Summary"The Ouroboros often represents self-reflexivity or cyclicality, especially in the sense of something constantly re-creating itself, the eternal return, and other things perceived as cycles that begin anew as soon as they end. It can also represent the idea of pri mordial unity related to something existing in or persisting from the beginning with such force or qualities it cannot be extinguished."
When Low Limit, aka Bryant Rutledge, 1/2 of the duo Lazer Sword, initailly set out to create this compilation, the aim was to illustrate the diversity of North American artists bonded by, if anything, an appreciation for both old and new incarnations of dance music (a term used in the loosest sense to refer to tempo, sound palette, etc.). Typically, the North American region (Rutledge resides in California) sees a rotating case of of-the-moment music subgenres making a grand splash, but eventually dying off due to overuse. For this project, he sought out producers with an alternate and timeless approach; producers who have paved new and experimental grounds while tastefully channeling the spirits of times before. And while the artists involved with the compilation reside on this side of the Atlantic, there's clear inspiration from both near and distant turf.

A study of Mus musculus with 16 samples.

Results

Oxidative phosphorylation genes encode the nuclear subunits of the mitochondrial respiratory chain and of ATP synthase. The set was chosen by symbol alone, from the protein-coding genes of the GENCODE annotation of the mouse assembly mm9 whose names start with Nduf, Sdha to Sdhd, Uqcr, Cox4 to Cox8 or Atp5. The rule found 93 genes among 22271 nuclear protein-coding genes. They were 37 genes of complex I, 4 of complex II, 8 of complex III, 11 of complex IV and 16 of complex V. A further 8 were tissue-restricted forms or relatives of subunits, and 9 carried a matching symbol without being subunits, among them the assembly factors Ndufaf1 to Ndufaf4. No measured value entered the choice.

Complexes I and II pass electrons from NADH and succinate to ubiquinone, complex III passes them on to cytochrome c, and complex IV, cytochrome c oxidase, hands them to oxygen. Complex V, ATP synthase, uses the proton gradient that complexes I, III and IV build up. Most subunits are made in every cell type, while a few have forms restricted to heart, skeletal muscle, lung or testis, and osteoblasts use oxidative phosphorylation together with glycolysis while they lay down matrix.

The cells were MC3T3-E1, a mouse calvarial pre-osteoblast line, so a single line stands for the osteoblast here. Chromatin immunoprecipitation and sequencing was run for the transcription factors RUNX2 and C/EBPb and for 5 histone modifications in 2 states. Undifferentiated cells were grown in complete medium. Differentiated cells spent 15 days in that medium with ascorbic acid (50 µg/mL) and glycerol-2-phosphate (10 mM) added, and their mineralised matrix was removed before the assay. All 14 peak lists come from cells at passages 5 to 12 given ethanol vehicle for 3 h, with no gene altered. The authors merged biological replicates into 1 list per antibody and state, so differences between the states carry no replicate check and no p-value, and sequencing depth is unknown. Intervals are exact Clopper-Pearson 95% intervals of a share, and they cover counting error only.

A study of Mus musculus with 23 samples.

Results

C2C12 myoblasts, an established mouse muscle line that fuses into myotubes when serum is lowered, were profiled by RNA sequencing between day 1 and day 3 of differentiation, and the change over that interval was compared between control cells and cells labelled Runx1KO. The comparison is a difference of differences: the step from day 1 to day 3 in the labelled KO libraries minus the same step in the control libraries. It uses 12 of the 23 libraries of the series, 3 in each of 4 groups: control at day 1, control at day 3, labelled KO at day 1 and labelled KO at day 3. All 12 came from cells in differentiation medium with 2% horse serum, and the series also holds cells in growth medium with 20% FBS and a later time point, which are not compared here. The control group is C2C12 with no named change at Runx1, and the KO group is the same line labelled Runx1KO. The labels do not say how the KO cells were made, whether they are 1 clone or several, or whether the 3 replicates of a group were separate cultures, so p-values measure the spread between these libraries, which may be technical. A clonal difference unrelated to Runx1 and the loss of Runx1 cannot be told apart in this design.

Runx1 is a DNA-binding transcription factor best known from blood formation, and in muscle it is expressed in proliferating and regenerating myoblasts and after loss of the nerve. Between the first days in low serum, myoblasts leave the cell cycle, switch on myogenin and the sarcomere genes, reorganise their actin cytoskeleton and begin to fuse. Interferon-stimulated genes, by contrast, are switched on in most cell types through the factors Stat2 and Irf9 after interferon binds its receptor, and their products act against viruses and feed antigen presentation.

By and large, the compilation is a decidedly emotive affair, from long playing lush house-leaning numbers (courtesy of Background Sound and Braille), to bizarro techno (see Ghosts On Tape's near 10-year-old gem "Sex Chat" still sounding relevant as ever on it's first official release). Meanwhile, United States champion prizefighter Machinedrum (currently residing in Berlin) flawlessly channels the spirits of all things great, leaving the listener stumped by a beautiful array of guitars, vocals and pure vibes. Charlotte-based Clicks & Whistles comes clean as can be with "Tomorrowland"'s UK-esque shuffle - all while retaining their signature southern-influenced hood sensibilities. Elsewhere, Non Projects boss Anenon, known largely for his deep soundscapes and often ambient work, knocks out a moody 2-step-meets Boards Of Canada piece unlike any of his previous work.
In the end, almost none of the tunes on the record drastically resemble each other. And that's the point here. It's ok to be unique, even while giving a nod to those before.